I drafted this post in January this year, but didn’t feel it was the right time to share. This week was national Mental Health Week, and marks a year since I came out of the mental health closet. I still consider myself recovered, however, I do have scars. I hope this explains the longer term implications of mental illness, because it’s important to understand that while I am a stronger person in some ways, I am much more brittle in others. Thank you to everyone for the ongoing support xxx
There’s this term in hydrodynamics called Neutral Buoyancy. According to Wikipedia, Neutral buoyancy is a condition in which a physical body’s average density is equal to the density of the fluid in which it is immersed. Basically, when underwater, a neutrally buoyant object doesn’t sink or float, it just stays at the same level it started. Stay with me, I promise this does have something to do with mental health.
Even though I consider myself recovered from PTSD, I still have moments where I am very aware of the scars it has left behind. When I was well in its grips, I felt like I was sinking, and vividly/painfully remember the moment I literally/figuratively hit the floor of what felt like the Mariana Trench. During Clara’s birth and beyond, I felt the opposite – I was floating higher and higher, a wonderful lightness of being. While the massive high I was on after Clara’s birth was a mixture of endorphins and the joy of mental recovery, it wasn’t sustainable, but that’s ok. These days, 90% of the time, I feel pretty happy, 9% of the time I think I have the normal parent exhaustion/frustration/anxiety, and 1% of the time I feel the scars.
Before Christmas, I got in contact with my birth photographer. I still hadn’t seen the proofs of my birth photos, so I contacted her just to remind her that I was still waiting. The photos captured the most important moment of my life thus far, and as well as having a tangible record of that, I was looking forward to seeing Clara’s birth from another perspective, adding to the beautiful narrative I already had in my mind. I didn’t want to miss a thing. The return email wasn’t good. She’d had a virus on her computer, and couldn’t find any images at all.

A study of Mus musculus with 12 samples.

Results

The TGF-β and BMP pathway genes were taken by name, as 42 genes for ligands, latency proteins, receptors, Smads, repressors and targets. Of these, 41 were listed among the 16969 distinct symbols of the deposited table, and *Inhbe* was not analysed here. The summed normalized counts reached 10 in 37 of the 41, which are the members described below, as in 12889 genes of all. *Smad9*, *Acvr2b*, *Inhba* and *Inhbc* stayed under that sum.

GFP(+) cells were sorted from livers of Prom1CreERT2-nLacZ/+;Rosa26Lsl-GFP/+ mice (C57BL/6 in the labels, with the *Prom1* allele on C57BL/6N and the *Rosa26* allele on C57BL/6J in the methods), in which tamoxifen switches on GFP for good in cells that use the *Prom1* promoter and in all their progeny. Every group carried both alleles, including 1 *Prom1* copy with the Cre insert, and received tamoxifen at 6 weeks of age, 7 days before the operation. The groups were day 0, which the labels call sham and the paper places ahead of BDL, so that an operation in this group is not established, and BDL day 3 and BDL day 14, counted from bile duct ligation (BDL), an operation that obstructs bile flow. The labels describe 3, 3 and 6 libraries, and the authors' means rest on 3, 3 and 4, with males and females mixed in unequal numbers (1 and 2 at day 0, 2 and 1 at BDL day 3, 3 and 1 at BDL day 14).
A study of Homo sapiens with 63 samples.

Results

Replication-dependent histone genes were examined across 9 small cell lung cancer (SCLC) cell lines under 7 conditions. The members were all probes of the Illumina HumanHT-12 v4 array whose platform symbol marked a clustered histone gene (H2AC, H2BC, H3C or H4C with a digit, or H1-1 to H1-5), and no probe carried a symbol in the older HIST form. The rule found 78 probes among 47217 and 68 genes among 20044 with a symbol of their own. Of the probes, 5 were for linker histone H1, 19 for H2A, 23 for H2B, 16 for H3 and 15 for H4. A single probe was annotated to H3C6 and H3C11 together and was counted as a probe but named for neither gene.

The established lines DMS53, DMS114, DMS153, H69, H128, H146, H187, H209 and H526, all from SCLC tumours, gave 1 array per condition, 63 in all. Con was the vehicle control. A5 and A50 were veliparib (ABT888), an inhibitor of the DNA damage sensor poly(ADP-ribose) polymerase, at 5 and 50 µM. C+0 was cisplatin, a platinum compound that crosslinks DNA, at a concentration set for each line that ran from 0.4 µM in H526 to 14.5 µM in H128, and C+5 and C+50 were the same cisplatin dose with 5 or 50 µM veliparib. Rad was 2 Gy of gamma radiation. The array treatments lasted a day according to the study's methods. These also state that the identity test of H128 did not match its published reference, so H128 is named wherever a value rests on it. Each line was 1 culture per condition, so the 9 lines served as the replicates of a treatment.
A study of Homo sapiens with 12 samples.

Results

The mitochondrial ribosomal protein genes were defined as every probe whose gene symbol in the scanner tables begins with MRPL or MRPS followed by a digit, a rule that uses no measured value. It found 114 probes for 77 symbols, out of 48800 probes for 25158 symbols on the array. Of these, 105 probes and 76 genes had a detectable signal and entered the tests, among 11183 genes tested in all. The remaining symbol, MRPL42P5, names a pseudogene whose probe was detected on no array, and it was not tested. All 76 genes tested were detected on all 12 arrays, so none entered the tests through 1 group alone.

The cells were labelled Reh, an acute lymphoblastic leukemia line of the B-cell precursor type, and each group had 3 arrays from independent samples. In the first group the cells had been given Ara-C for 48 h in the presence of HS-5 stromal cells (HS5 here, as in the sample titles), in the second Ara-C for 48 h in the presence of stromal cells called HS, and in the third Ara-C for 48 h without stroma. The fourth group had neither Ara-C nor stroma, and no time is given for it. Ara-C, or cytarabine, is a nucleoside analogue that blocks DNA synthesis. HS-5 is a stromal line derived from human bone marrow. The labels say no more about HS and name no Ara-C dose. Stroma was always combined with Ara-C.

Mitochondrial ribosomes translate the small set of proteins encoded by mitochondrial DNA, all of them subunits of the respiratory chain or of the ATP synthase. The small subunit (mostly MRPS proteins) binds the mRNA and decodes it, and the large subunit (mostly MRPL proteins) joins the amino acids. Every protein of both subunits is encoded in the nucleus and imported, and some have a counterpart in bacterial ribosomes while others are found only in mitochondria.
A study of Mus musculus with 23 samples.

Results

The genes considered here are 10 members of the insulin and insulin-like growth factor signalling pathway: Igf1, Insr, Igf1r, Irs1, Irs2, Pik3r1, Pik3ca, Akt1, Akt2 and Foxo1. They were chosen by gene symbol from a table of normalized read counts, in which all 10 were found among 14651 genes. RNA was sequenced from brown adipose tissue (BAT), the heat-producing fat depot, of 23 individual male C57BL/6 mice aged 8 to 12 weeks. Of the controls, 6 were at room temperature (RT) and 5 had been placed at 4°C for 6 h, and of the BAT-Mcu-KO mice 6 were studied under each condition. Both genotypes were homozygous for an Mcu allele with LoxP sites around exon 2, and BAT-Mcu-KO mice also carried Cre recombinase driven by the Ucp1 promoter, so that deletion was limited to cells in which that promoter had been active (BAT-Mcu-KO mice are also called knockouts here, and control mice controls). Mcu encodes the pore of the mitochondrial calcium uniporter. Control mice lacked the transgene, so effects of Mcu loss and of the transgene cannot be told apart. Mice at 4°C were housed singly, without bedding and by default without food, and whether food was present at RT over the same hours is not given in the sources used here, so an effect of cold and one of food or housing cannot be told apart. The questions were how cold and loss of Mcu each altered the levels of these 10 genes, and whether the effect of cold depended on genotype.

I was shattered, heart broken, inconsolable. It was a PTSD reaction. It snowballed into irrational territory. It wasn’t just bad luck or poor data management that left my images deleted, it was a personal attack. I wasn’t worthy of being taken care of. A person I trusted to be in my birth space, the most sacred and protected place, had betrayed me and I deserved it. All of that horrible self talk came back in torrents, with the new fear that I had regressed, that I was back where I was 12 months ago, that this illness had me in its grips again, that I’d lost the war.
Of course, I got that email when I was home alone. Not long after, Brett and Alby came home, and as soon as Brett walked in the door, I broke down in tears again. Then Alby came in. It was the first time he had ever seen my cry, and the seconds following felt like they were in slow motion. He saw me, and I instantly saw fear reflected in his eyes. He burst into tears, and needed me to console him. Everything I was feeling was instantly but consciously put in a box and pushed away, because above all else, I am his mother.
Alby was happy again within minutes, and I got on with the usual dinner/bath/bed routine that dictates every evening from 5-7.
Over the next few days, that box stayed in use. Every moment I thought about what happened, I just put it straight back into the box. I didn’t want to feel those emotions, didn’t want the consequences of those emotions. I was too busy, I was too scared. I didn’t want to sink, venture into the depths that thinking about the situation would lead me. I did it pretty well too. My mother in law asked if I’d seen the photos, and I briefly explained what happened. The photographer posted on Facebook that she’d lost the images and was very upset. I just put it in the box and shut the lid.
Giving myself time and space meant that when I felt ready to think about the issue, I was able to do so a with a little more control. I’m still very sad that we don’t have those photos. I don’t need to explain what a huge loss it is. What I have done though, is gained neutral buoyancy, and I can take comfort from that. I might not have been floating upwards while I was putting thoughts in the box, but I wasn’t sinking. That’s powerful, and maybe it’s a sign of scars fading.
Even though the photographer contracted a data retrieval company to try and find the images, they were irretrievable. Instead, we did a family photo session, and those photos make my heart sing. My rational head knows that I am just unlucky that this happened to me, and that I am just as worthy as the next person. Obviously I’m incredibly disappointed to lose those images, that promised to be so beautiful, but I still have my memories.